A memorial to the victims of the 1972 Munich Massacre has been commemorated in Germany this week.
The inauguration of the “Munich 1972 massacre memorial” took place at Munich’s Olympic Park some 45 years after the attack and was attended by Israeli President Reuven Rivlin and his German counterpart Frank-Walter Steinmeier.
Rivlin said, “Relatives of the victims and the state of Israel waited almost half a century for this moment. 45 years have passed for an official Israeli delegation to return to this place. The Munich Olympics became the blood Olympics.”
During the September 1972 attack on the Munich Olympic Village by the Black September Palestinian terror group, 11 Israelis were taken hostage. Two were murdered in the Olympic village and nine others were executed at the airport. A German policeman was killed in a shootout with the terrorists during a botched rescue attempt.
“There are still those who see in the murder of sportsmen a heroic deed,” Rivlin said, speaking of Palestinians who praised the attack before singling out the party of PA President Mahmoud Abbas. “Just last year, Fatah marked the massacre of the sportsmen as an ‘act of heroism.’
— (((WJC))) (@WorldJewishCong) September 6, 2017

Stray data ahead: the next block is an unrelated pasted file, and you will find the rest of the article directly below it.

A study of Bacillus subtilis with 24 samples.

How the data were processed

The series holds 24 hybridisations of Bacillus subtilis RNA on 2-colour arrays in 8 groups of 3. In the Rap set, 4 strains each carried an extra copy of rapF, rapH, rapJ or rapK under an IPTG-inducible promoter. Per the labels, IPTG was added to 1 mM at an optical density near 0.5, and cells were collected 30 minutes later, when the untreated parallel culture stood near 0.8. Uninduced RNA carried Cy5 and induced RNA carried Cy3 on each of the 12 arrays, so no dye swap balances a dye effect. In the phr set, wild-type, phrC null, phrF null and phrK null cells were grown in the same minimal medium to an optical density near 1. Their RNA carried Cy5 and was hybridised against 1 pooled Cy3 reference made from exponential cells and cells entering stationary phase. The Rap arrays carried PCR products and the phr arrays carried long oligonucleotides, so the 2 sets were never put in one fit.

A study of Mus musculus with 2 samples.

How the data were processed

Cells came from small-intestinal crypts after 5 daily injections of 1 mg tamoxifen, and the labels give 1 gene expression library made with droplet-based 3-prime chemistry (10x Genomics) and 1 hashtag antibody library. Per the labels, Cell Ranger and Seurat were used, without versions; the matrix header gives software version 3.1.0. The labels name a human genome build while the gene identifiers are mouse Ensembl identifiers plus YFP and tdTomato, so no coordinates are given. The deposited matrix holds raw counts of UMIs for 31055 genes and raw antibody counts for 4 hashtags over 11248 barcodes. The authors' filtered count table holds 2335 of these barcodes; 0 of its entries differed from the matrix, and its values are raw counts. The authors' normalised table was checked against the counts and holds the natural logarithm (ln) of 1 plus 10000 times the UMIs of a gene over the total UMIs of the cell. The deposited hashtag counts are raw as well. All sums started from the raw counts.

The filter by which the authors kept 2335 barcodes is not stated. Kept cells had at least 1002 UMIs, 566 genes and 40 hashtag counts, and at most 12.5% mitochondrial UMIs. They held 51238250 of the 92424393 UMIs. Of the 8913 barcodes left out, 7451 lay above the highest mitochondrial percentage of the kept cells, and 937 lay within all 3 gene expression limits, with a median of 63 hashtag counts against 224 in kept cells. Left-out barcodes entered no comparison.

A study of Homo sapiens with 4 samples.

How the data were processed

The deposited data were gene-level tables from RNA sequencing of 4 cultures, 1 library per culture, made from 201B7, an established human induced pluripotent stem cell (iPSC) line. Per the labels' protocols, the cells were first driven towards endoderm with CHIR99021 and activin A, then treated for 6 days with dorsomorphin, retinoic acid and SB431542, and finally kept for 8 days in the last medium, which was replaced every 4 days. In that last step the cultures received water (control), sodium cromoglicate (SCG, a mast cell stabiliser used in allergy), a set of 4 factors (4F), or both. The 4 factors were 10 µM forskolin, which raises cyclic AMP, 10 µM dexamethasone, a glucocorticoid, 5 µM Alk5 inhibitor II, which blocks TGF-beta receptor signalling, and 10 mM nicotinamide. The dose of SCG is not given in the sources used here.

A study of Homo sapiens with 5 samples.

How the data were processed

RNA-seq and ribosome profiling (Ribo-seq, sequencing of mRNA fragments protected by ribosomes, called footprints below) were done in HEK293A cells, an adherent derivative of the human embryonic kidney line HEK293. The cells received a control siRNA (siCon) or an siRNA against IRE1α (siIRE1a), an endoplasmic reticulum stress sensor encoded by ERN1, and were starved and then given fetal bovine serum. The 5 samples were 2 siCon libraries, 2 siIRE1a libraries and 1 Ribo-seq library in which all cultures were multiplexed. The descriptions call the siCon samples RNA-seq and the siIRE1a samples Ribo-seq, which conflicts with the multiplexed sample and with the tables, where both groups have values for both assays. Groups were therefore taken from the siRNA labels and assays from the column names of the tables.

“The centre we are inaugurating today must be a message to the whole world: There can be no apologising for terrorism. Terror must be unequivocally condemned everywhere. In Barcelona, in London, in Paris, in Berlin, in Jerusalem, and everywhere else.”
The memorial offers some comfort for relatives who have also long demanded a minute’s silence at the Opening Ceremonies of Olympics Games, only to be consistently turned down by the IOC, with Arab nations threatening to boycott the Olympics if it took place.
Steinmeier said it had taken too long for the memorial to be built.
“It is high time and we owe it firstly to you, the relatives,” Steinmeier said. “The Olympic village became a place of Palestinian terrorists, a stage for their boundless hatred for Israel. It should never have happened.”
Ankie Spitzer, whose fencing coach husband, Andre, was one of the victims, and Ilana Romano, wife of weightlifter Joseph Romano, have waged a decades-long campaign to get a commemoration at the Games’ opening ceremony.
“We wanted this memorial. In the years after we heard voices that us Israelis brought war to Germany and the terrorists were hailed as freedom fighters,” Romano said.
“That hurt so much but we did not give up. We knew our way was the right one … for the future of our children and the next generations,” she added.
The Rio Olympics in 2016 was the first time a memorial service was held for the victims, but the service took place in the days before the Olympics opening ceremony. At the time the IOC inaugurated “the Place of Mourning”, a small park which will now be a feature at every Olympics.